In a blow to Trump, America’s trade deficit hit record $891 billion

Tom Brenner/The New York Times

By Jim Tankersley and Ana Swanson
New York Times News Service

WASHINGTON — America’s trade deficit with the rest of the world rose to its highest level in history last year as the United States imported more goods than ever, including a record amount from China, ballooning the deficit to $891.3 billion and delivering a setback to President Donald Trump’s goal of narrowing that gap.

The increase was driven by some factors outside Trump’s control, like a global economic slowdown and the relative strength of the U.S. dollar, both of which weakened overseas demand for U.S. goods. But the widening gap was also exacerbated by Trump’s $1.5 trillion tax cut, which has been largely financed by government borrowing, and the trade war he escalated last year.

The trade deficit is the difference between how much a country sells to its trading partners and how much it buys. Trump has long boasted that his trade policies would reduce that gap, which he views as a measure of whether partners like China and the European Union are taking advantage of the United States, a diagnosis that few economists share.

Instead, in a year when Trump imposed tariffs on steel, aluminum, washing machines, solar panels and a variety of Chinese goods, the trade deficit grew by 12.5 percent from 2017, or nearly $70 billion, the Commerce Department said Wednesday.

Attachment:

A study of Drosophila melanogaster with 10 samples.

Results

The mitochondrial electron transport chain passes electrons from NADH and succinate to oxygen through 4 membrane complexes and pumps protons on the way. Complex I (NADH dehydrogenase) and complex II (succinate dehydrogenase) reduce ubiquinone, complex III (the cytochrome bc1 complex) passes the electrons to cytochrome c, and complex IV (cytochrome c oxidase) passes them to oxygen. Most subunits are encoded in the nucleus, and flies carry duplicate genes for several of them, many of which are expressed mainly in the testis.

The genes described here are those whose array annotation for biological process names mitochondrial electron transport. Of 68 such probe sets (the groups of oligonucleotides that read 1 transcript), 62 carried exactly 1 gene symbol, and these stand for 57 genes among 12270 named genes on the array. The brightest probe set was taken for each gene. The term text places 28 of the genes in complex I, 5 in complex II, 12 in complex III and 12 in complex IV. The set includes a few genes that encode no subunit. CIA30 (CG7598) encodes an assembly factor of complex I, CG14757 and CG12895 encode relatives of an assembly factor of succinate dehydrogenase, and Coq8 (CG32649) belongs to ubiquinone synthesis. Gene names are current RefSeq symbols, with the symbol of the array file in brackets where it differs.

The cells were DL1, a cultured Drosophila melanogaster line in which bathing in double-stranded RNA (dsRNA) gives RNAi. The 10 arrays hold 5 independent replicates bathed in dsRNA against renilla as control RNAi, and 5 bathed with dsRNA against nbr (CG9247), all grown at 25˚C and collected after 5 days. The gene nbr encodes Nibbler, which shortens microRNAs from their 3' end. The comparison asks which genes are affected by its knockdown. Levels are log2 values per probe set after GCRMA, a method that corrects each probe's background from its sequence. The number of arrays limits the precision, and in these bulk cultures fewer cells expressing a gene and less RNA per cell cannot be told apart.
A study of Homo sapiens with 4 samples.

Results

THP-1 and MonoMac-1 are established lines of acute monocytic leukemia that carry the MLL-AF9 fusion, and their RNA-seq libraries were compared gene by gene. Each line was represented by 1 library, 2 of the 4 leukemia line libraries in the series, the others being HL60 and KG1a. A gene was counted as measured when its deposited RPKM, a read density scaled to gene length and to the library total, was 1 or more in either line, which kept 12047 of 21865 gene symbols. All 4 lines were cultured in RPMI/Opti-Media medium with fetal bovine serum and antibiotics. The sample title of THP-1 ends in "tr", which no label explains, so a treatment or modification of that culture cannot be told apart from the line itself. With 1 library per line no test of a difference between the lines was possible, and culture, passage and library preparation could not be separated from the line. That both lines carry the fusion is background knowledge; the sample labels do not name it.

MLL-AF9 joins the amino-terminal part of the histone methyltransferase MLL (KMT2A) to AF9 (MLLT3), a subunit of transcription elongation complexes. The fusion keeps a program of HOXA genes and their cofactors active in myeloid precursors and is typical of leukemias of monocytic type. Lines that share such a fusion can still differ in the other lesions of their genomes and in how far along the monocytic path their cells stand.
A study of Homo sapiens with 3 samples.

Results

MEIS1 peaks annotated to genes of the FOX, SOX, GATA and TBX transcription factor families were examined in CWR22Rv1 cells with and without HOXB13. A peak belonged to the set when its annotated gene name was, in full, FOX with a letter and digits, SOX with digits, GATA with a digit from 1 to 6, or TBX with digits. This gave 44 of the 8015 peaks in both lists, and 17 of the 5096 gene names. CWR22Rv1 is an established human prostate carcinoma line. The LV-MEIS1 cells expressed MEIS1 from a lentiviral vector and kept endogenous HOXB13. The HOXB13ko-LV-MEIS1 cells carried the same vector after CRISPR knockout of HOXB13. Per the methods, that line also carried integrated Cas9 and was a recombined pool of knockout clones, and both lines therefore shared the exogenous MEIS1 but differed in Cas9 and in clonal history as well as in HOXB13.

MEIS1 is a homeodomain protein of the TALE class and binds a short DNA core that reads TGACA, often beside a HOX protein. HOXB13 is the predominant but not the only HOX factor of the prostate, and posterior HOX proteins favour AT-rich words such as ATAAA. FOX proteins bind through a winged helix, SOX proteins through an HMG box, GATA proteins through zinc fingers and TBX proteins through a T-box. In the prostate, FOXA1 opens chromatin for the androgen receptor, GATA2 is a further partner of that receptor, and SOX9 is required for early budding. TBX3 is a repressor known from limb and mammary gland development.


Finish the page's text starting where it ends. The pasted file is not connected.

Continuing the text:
In December, the overall goods and services deficit rose to $59.8 billion, up 19 percent from the previous month. It was the highest monthly trade deficit in a decade.

The United States also imported a record amount of goods from China last year, despite Trump’s trade war with China and the imposition of tariffs on $250 billion worth of Chinese goods. The trade gap in goods between the United States and China hit $419 billion in 2018, deepening a bilateral deficit that has been a particular source of anger for Trump.

The widening gap is partly the result of Trump’s trade war with Beijing, which has slowed American exports to China. Those exports declined by nearly 50 percent in December, compared to the same month a year before, as American companies were hurt by a slowdown in the Chinese economy and retaliatory measures that Beijing has leveled on U.S. goods. A stronger American dollar, which makes United States products more expensive overseas, and a weaker Chinese yuan also offset some of the impact of Trump’s tariffs.